Re: Anybody got the end all cure for vapor locking?

Posted by DavidM on 2022/1/4 16:10:21
I missed the point that your vacuum tank does not work. Does your electric pump bypass it? If not it should however I would recommend you fix the vacuum tank. The electric pump should only be switched on to overcome vapor lock otherwise it can overcome the carburetor cut off and flood the carburetor. Much has been written about that.
Your experiences with opening the hood are exactly the same as mine. Also when I parked my cars in summer I always left the hood open otherwise the car would be hard or impossible to start unless they had hours to cool down.
Someone mentioned diesel instead of kerosene. I tried it once on a long trip in hot weather when the car was constantly vapor locking, I can't remember the % added but it was a lot. It made no difference good or bad.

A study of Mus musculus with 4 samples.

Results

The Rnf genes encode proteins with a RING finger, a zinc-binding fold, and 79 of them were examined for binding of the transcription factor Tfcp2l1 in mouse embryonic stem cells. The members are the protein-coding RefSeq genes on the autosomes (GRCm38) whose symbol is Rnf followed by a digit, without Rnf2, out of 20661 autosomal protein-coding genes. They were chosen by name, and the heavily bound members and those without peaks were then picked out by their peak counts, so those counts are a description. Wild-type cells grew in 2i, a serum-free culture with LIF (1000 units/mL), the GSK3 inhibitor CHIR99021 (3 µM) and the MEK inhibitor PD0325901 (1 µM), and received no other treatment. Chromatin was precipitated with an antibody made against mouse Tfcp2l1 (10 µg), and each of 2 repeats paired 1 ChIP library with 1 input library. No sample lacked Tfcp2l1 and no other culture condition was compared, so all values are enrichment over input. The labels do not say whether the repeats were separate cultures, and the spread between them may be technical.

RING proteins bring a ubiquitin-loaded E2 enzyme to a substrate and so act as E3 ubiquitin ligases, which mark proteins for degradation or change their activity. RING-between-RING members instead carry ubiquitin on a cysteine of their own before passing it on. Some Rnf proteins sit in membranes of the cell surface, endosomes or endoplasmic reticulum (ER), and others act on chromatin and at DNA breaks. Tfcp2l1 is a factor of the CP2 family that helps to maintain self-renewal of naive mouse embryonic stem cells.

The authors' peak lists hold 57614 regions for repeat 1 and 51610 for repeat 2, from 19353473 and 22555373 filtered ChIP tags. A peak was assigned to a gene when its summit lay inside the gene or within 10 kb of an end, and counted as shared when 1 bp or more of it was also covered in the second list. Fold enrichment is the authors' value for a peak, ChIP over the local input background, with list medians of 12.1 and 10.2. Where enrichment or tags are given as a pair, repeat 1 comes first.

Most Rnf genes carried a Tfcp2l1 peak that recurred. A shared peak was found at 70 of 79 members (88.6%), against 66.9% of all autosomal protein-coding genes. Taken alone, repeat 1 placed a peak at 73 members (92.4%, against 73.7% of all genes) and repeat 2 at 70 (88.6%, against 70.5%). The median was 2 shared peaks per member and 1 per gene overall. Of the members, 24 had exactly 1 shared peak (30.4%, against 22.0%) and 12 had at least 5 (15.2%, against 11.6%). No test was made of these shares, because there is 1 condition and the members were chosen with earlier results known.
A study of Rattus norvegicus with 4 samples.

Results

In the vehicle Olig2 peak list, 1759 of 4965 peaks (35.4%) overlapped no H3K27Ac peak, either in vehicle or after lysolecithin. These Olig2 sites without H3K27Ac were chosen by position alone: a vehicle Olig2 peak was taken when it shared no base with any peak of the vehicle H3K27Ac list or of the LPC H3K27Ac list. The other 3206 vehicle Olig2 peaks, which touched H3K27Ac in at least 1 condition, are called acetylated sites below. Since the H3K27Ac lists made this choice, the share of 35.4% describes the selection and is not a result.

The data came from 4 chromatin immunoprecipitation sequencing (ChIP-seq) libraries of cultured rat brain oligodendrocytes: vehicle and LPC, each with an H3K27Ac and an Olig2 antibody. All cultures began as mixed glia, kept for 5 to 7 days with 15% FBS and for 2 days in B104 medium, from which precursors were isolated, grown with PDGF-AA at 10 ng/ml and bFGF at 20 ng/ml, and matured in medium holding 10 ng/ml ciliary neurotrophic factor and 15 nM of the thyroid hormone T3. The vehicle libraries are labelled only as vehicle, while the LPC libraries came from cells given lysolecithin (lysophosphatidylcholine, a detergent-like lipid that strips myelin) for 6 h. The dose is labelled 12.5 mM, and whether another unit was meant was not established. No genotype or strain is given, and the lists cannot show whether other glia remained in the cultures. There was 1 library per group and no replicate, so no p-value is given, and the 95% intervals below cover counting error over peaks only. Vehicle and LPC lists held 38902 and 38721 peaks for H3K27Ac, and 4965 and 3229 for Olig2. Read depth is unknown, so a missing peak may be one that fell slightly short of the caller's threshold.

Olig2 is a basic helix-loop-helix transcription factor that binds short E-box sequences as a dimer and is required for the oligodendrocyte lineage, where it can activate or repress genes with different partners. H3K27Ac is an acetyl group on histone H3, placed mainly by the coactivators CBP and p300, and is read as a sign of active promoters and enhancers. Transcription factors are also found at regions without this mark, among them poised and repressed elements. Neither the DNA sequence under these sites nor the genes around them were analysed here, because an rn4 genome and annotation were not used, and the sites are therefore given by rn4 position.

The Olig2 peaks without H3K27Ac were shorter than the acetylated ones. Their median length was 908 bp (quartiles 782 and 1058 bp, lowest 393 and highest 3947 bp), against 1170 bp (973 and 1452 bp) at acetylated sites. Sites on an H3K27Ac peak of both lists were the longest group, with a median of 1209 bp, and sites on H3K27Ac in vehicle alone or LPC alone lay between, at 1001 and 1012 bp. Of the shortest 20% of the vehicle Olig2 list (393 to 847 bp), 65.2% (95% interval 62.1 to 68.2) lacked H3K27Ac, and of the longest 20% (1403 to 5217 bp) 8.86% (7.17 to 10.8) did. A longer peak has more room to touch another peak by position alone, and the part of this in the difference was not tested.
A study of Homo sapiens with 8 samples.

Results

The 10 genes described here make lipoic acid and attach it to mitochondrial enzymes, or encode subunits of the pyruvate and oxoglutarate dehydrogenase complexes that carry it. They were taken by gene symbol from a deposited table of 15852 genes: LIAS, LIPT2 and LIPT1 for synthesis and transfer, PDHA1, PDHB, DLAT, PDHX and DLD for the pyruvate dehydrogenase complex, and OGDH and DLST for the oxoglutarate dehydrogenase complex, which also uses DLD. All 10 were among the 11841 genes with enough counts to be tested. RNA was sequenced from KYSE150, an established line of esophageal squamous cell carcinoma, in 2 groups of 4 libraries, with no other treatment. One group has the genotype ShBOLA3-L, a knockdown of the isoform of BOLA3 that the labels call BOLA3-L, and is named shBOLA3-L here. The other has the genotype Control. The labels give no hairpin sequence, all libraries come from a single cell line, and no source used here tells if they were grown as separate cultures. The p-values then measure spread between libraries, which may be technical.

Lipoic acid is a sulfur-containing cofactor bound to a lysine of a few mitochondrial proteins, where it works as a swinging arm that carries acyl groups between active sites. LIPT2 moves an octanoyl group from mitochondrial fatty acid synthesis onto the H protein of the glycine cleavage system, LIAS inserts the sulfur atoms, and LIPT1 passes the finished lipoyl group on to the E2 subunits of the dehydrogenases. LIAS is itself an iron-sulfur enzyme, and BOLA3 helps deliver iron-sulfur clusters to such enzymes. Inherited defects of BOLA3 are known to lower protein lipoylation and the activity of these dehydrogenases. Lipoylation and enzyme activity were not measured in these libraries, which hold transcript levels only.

On that trip I improvised a way of holding the hood sides up a couple of inches while driving. The increased airflow into the engine area significantly reduced the problem. Later in the day a cool change occurred and the vapor lock problem instantly stopped. I have driven one of my 1929's in light snow and it never ran better.
Another time I had to drive when it was just over 100 deg. I constantly had to stop to wet the carburetor and vacuum tank to cool them. That provided instant but very short relief.
I should add most of the time my 1929's were great cars to drive. I drove the 633 Roadster on many long-distance tours over twenty years. It did not have an electric fuel pump, only the vacuum tank. The other car was a 633 Sedan and I fitted it with an electric pump bypassing the vacuum tank. So when it vapor locked I switched on the pump giving almost instantaneous relief most of the time. On very hot days nothing much works. Stay home or stop and wait for the sun to go down!